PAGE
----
17 April, 2024

Jan 10 | Unconventional Wisdom

by | 4 January, 2021 | 0 comments

Dr. Mark Scott wrote this treatment of the International Sunday School Lesson. Scott teaches preaching and New Testament at Ozark Christian College, Joplin, Missouri. He also serves as minister with Park Plaza Christian Church in Joplin. This lesson treatment is published in the January 2021 issue of Christian Standard + The Lookout. (Subscribe to our print edition.)


“Don’t Stay the Way You Are” by David Faust (Lesson Application)

Discovery Questions for Jan. 10, 2021



When Jesus said, “Unless your righteousness surpasses that of the Pharisees and the teachers of the law, you will certainly not enter the kingdom of heaven,” the crowds and disciples must have thought, How would that even be possible? After all, the religious leaders were experts in extreme righteousness. Jesus gave six examples—also called the “six antitheses”—of how this real, greater, fulfilled righteousness worked in daily life.

Scholars differ on what Jesus was doing. Was he extending the law? Raising its standards? Was Jesus changing the law in light of his coming, interpreting its real intent, or correcting abuses in it? Maybe he was doing some of all those.

Murder: Sanctity of Life
Matthew 5:21-22

Conventional wisdom said you were righteous if you refrained from murder. But Jesus skillfully showed that anger lurks behind murder. Calling someone, “Raca” (blockhead or imbecile) or “You fool!” are expressions of anger. Everyone knows that words hurt worse than sticks and stones. Care enough about life to reconcile with people while you have the chance.

Adultery: Sanctity of Sex
Matthew 5:27-28

The seventh commandment is clear enough. Do not be intimate with someone else’s spouse. But Jesus indicated that dirty minds preceded dirty acts. Therefore, if a man looks at a woman lustfully—the Greek text has it as a purpose clause (i.e., looks at her with the purpose of mentally undressing her)—an immoral line has already been crossed. Intimacy begins in the mind before it ever makes it to the bedroom.

Divorce: Sanctity of Marriage
Matthew 5:31-32

Jesus did not use the full formula (“You have heard . . . but I say to you”) for this antithesis. He simply said, “It has been said.” This is probably because broken marriages often result from unfaithfulness (see the previous paragraph). God had made provisions through Moses to grant divorces due to the people’s hardness of heart (Deuteronomy 24:1-4; Matthew 19:8). This also protected women from being abused. But Jesus indicated the problem with divorce wasn’t that it was being done the wrong way; rather, divorce itself was wrong. Any divorce, for whatever reason, is an indication someone has failed.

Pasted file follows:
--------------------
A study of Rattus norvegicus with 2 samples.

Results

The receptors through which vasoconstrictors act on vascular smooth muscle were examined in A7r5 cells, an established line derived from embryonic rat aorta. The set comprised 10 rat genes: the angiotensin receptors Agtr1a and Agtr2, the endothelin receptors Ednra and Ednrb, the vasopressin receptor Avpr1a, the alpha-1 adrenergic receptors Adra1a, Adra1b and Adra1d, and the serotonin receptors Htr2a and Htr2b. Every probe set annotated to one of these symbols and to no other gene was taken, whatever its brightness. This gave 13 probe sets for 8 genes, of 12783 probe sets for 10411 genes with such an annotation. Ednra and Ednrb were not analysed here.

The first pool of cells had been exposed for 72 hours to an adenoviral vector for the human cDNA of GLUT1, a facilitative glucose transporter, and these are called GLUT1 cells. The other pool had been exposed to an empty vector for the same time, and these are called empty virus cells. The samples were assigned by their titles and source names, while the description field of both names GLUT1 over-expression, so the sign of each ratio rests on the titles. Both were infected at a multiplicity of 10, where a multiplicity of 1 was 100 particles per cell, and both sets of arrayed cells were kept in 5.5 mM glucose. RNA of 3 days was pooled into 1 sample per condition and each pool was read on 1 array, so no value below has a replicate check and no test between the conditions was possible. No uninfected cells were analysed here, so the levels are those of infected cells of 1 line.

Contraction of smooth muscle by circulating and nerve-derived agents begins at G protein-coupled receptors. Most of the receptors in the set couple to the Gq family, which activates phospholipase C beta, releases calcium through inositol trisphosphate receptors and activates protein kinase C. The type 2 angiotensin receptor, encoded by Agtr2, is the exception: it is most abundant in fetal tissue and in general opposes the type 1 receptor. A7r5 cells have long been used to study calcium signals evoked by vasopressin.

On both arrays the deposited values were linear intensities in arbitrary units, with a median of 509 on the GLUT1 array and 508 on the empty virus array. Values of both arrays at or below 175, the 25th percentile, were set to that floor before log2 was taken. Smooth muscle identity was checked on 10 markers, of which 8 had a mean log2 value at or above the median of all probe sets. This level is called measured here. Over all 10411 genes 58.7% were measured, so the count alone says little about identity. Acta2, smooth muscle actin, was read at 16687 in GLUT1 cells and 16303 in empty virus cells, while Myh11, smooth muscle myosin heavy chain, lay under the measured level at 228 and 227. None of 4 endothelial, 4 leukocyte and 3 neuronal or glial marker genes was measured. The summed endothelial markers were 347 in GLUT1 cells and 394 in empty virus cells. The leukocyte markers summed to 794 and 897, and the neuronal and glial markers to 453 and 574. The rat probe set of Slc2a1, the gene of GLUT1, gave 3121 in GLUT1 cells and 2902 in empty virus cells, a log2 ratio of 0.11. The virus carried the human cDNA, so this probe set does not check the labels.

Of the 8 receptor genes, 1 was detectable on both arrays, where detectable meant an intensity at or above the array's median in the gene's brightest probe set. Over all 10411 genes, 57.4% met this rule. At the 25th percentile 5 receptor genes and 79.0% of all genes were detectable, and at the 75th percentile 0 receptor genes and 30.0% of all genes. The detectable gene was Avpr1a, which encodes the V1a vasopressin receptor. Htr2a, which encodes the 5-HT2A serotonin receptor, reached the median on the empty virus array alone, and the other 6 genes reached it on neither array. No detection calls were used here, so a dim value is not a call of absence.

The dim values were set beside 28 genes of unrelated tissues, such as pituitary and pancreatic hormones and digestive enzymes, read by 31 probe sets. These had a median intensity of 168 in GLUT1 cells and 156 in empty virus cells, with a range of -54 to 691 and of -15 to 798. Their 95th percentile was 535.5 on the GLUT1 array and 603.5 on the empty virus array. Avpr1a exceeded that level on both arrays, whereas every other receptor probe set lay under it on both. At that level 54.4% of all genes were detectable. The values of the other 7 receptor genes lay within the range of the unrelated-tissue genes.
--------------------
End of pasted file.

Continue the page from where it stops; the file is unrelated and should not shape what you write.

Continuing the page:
In his mercy, Jesus did agree that sexual immorality was a legitimate reason for divorce. Sexual immorality breaks the sanctity of the relationship; it creates carnage by victimizing the innocent spouse (makes her the victim of adultery) and also brings adultery into the new relationship.

Oaths: Sanctity of Speech
Matthew 5:33-35

The fourth way that real righteousness works in daily life has to do with the integrity of our speech. Vows mattered in Israel (Leviticus 27; Judges 11:29-40). They were to matter to the New Israel as well. We are our words. We will be justified or condemned by them (Matthew 12:37). The best commentary on this paragraph is Matthew 23:16-22. We shouldn’t need to underline the truthfulness of our words by saying things like, “I’ll swear on a stack of Bibles.” A yes is a yes, and a no is a no.

Eye for Eye: Sanctity of Fairness
Matthew 5:38-39

The law Jesus quoted in this antithesis was first given in Exodus 21:24. It was referred to as the “law of limited revenge.” It may seem cruel to us but, given the cultures of the nations that surrounded Old Testament Israel, it was viewed as being extremely fair. Wicked nations and kings were known for exacting huge penalties for rather small offenses. Jesus recast it in a way that served as a sanity check, but which also was proactively kind and generous.

Love for Enemies: Sanctity of Foes
Matthew 5:43-48

The Old Testament said, “Love your neighbor” (Leviticus 19:18), but it never said, “Hate your enemy.” That was added by some sly scribe. Jesus’ way turns enemies into friends and prays for one’s persecutors. God is kind to the ungrateful and evil (Luke 6:35), and he called his people to be mature in love like he is. God’s love is unconditional, and his wisdom is unconventional.

Mark Scott

Dr. Mark Scott wrote this treatment of the International Sunday School Lesson. Scott teaches preaching and New Testament at Ozark Christian College, Joplin, Missouri. He also serves as minister with Park Plaza Christian Church in Joplin.